The Supreme Court hearing in regards to Roe v. Wade is expected to be held later this year.
Credit: AP
FILE - In this Dec. 2, 2020, file photo, Arizona Republican Gov. Doug Ducey answers a question during a news conference in Phoenix. Officials in the city of Tucson plan to ignore Arizona's new "Second Amendment sanctuary" law that bars state and local governments from enforcing certain federal gun regulations, possibly setting up a court fight as a growing number of cities and counties in the U.S. declare themselves similar firearm havens. The new action came after GOP Gov. Ducey signed a bill in April 2021, declaring that Arizona is a so-called Second Amendment sanctuary. (AP Photo/Ross D. Franklin, Pool, File)

TUCSON, Ariz — Gov. Doug Ducey joined 11 other governors and more than 200 Republican members of Congress to request the Supreme Court to overturn Roe v. Wade abortion rights on Thursday.

Back in May, the Supreme Court agreed to decide whether state laws that ban abortions at the 15th week of pregnancy are constitutional after lower courts struck down Mississippi's state law, citing it conflicts with Roe v. Wade. However, last week, Mississippi formally asked the Supreme Court to overturn its landmark 1973 ruling that legalized abortion across the United States.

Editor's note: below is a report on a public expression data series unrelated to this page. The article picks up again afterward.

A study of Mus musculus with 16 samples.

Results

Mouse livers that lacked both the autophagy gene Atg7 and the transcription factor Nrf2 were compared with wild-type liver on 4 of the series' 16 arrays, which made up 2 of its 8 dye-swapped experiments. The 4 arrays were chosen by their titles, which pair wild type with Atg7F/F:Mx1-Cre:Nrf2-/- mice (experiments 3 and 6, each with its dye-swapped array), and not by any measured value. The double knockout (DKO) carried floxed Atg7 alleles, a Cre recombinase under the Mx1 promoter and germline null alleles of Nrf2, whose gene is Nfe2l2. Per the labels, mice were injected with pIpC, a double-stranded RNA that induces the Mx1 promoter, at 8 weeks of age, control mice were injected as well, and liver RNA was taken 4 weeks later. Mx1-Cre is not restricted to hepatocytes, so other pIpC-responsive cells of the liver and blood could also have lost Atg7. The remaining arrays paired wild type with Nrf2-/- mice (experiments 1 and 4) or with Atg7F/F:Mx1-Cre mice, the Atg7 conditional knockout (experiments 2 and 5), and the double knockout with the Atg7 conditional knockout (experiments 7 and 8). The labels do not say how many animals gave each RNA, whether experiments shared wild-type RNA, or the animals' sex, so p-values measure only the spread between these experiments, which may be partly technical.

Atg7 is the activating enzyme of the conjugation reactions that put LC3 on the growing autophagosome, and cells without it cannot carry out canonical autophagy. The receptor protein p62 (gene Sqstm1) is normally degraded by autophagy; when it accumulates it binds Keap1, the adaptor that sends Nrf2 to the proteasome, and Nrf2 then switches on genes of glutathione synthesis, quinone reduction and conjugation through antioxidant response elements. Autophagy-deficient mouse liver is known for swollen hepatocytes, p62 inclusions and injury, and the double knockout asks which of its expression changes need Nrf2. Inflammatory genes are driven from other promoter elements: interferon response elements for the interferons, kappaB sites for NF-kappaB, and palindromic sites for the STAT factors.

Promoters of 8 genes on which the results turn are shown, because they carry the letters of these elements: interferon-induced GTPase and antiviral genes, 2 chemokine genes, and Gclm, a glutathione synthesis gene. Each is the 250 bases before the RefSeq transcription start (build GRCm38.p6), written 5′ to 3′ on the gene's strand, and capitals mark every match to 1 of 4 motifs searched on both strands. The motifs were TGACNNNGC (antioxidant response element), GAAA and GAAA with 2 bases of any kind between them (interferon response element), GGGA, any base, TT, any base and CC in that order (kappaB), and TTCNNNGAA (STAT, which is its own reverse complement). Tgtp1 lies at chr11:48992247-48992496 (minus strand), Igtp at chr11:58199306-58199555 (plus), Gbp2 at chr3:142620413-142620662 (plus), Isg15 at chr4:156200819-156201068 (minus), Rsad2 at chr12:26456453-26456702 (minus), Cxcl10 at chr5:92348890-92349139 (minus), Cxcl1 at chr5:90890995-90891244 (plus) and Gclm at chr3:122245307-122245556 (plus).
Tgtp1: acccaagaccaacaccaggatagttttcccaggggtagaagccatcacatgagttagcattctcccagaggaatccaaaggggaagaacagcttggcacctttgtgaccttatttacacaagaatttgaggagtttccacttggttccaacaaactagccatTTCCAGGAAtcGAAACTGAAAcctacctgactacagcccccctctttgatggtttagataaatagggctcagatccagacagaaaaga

On Thursday, South Carolina Gov. Henry McMaster headed a coalition of governors, including Ducey, that sent a signed brief in support of overturning the Roe v. Wade ruling to the Supreme Court.

“As the amicus brief states: For too long, the Federal Government has dived (not just waded) into issues reserved to the States under the Constitution. Although those forays usually come from the political branches, they have, on occasion, come from this Court as well. Roe and Casey are quintessential examples of such misadventures. The Court should take this opportunity to correct the mistakes in its abortion jurisprudence and recognize that the text and original understanding of the Fourteenth Amendment have nothing to do with abortion. Rather than creating a federal constitutional right, the Court should leave regulating abortion to the States, where the people may act through the democratic process. This Court should hold as much—and in the process, help restore the constitutional (but currently disrupted) balance between the Federal Government and the States," Ducey said in a statement released Thursday. “Every single life has immeasurable value. That includes children who are preborn — and I believe it’s each state’s responsibility to protect them. It is time for the U.S. Supreme Court to fix their mistake and return this authority to the individual states as the democratic process intends. I’m proud to sign onto this brief to reaffirm Arizona’s commitment to protecting families and preborn children.”

According to the AP, 228 members of the U.S. House and Senate filed a similar brief.

“The Constitution preserves the rights of the states by specifically enumerating the authority granted to the federal government," Ducey said. "Unfortunately, almost 50 years ago, the U.S. Supreme Court decided to ignore the Constitution and created policy which has led to the over-politicization of this issue for decades."

The Supreme Court hearing in regards to Roe v. Wade is expected to be held later this year.